CHN: TANF Extension Bill Introduced in House: Threatens a Massive Increase in Work Participation With No Resources
With the March 31 deadline for reauthorizing Temporary Assistance for Needy Families (TANF) looming, Chairman Wally Herger (R-CA) of the House Ways and Means Subcommittee on Human Resources introduced a bill last week to extend the program through June 30. TANF has been operating on temporary extensions since 2002. Until now, each extension was a straightforward continuation of current law and funding. This time, the extension proposed by Chairman Herger (in H.R. 3848) would drastically increase the work participation rates states must meet to avoid federal penalties. The legislation would phase out a credit used by states to satisfy federal work participation rates. Under current law, states get credit for reducing their TANF caseloads below the levels they were just before TANF’s 1996 enactment. If a state’s caseload dropped 30 percent, the state could knock 30 percentage points off the proportion of the caseload that had to be engaged in work. H.R. 3848 would require states to meet a much more difficult standard – they would have to reduce their caseloads below a much more recent year in order to qualify for the caseload reduction credit. Since the recession began in March 2001 through September 2003 (the most recent data available), caseloads rose in 28 states; only a few states had substantial reductions during that period. In FY 2006, the base year for caseload comparisons would be FY 2001.
According to an analysis released by ranking Democratic House Ways and Means Member Charles Rangel (D-NY), 41 states would be forced to increase their participation rates by FY 2006. Thirteen states plus the District of Columbia would have to more than double their participation rates to avoid penalties. Some states would have to make hasty increases in their work participation this year, even though the fiscal year is nearly half over. The listing of states is shown below.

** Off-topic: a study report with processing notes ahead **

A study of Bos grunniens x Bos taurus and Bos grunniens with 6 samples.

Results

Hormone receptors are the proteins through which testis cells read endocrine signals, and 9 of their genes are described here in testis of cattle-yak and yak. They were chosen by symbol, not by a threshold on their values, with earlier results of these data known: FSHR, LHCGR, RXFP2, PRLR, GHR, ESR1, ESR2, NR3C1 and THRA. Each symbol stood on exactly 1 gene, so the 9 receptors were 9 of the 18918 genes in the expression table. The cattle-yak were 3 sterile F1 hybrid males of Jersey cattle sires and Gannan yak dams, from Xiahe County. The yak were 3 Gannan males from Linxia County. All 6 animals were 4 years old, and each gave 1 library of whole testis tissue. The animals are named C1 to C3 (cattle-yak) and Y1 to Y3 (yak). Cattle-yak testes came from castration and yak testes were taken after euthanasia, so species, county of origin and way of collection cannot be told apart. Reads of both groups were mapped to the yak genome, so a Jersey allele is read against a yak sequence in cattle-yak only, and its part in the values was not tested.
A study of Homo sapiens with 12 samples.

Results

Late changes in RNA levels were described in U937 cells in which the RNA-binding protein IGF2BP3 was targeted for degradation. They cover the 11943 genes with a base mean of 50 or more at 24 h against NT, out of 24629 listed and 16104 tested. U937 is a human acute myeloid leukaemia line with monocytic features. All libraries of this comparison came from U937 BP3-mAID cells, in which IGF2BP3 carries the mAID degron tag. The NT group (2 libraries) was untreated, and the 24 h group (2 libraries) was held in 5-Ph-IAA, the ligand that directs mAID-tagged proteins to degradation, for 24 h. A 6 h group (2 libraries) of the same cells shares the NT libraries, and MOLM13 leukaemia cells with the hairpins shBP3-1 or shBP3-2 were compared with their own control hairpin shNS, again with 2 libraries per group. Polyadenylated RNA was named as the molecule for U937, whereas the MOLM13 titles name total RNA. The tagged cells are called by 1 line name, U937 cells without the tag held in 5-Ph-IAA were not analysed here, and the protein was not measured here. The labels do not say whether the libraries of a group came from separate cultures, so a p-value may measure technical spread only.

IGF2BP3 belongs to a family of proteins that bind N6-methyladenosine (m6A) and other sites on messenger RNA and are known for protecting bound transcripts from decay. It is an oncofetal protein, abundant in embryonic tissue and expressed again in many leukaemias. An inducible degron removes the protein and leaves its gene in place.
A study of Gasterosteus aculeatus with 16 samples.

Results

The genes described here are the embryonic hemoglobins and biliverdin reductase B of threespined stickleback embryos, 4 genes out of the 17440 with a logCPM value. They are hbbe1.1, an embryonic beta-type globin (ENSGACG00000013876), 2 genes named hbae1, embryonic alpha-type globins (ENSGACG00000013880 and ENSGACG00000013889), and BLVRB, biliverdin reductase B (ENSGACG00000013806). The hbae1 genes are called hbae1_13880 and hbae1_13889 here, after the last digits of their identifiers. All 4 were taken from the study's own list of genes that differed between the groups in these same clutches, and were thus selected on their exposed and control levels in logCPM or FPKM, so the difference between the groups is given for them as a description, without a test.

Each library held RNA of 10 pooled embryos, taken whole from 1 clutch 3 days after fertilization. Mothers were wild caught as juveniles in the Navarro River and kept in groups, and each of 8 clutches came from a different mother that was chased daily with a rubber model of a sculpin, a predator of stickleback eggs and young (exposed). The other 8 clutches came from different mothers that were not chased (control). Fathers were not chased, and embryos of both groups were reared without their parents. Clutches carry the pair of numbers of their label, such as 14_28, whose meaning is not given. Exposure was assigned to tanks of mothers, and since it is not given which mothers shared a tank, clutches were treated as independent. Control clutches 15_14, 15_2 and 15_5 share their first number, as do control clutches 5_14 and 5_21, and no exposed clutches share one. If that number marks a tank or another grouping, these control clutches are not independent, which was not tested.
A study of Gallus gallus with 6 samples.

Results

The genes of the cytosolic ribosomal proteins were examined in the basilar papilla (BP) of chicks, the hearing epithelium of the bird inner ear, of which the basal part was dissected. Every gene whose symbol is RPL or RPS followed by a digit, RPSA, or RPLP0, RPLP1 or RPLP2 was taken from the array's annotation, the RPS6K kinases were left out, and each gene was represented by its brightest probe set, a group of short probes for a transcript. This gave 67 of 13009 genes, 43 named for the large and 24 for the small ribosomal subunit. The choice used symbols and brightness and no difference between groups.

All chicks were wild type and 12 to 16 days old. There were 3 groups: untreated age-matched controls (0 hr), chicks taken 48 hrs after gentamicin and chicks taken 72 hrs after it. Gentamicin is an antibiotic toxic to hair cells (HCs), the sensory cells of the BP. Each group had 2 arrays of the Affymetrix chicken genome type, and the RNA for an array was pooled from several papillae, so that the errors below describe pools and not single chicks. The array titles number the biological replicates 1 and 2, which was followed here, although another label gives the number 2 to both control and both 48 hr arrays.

Chairman Herger’s statement accompanying the bill noted “For all the success of the 1996 welfare reform law, the majority of welfare recipients are still not engaged in work or training – essential experience to achieve independence.” The National Governors’ Association and the General Accounting Office conducted separate surveys of work participation in 2001 and each found that more than half of the caseload was participating in work activities – although not all would meet the narrow federal requirements. In addition, a million working families receive non-cash help from TANF – they are not counted in the participation rates.
No funding increases for child care or welfare-to-work preparation would accompany these dramatically tougher participation rates.
The legislation appears intended to put pressure on the Senate to complete its work on TANF reauthorization, and puts families and states in the middle of differences between the two bodies. Organizations of state officials, several of whom have in the past called for a simple long-term extension of current law, are likely to protest the threat of harsher work participation rates as a way to force changes in the legislation. Many low-income advocacy groups have taken a similar position.
It is possible the bill will move quickly to the floor, although it would have to be taken up by the Rules Committee first and such action has not yet been scheduled.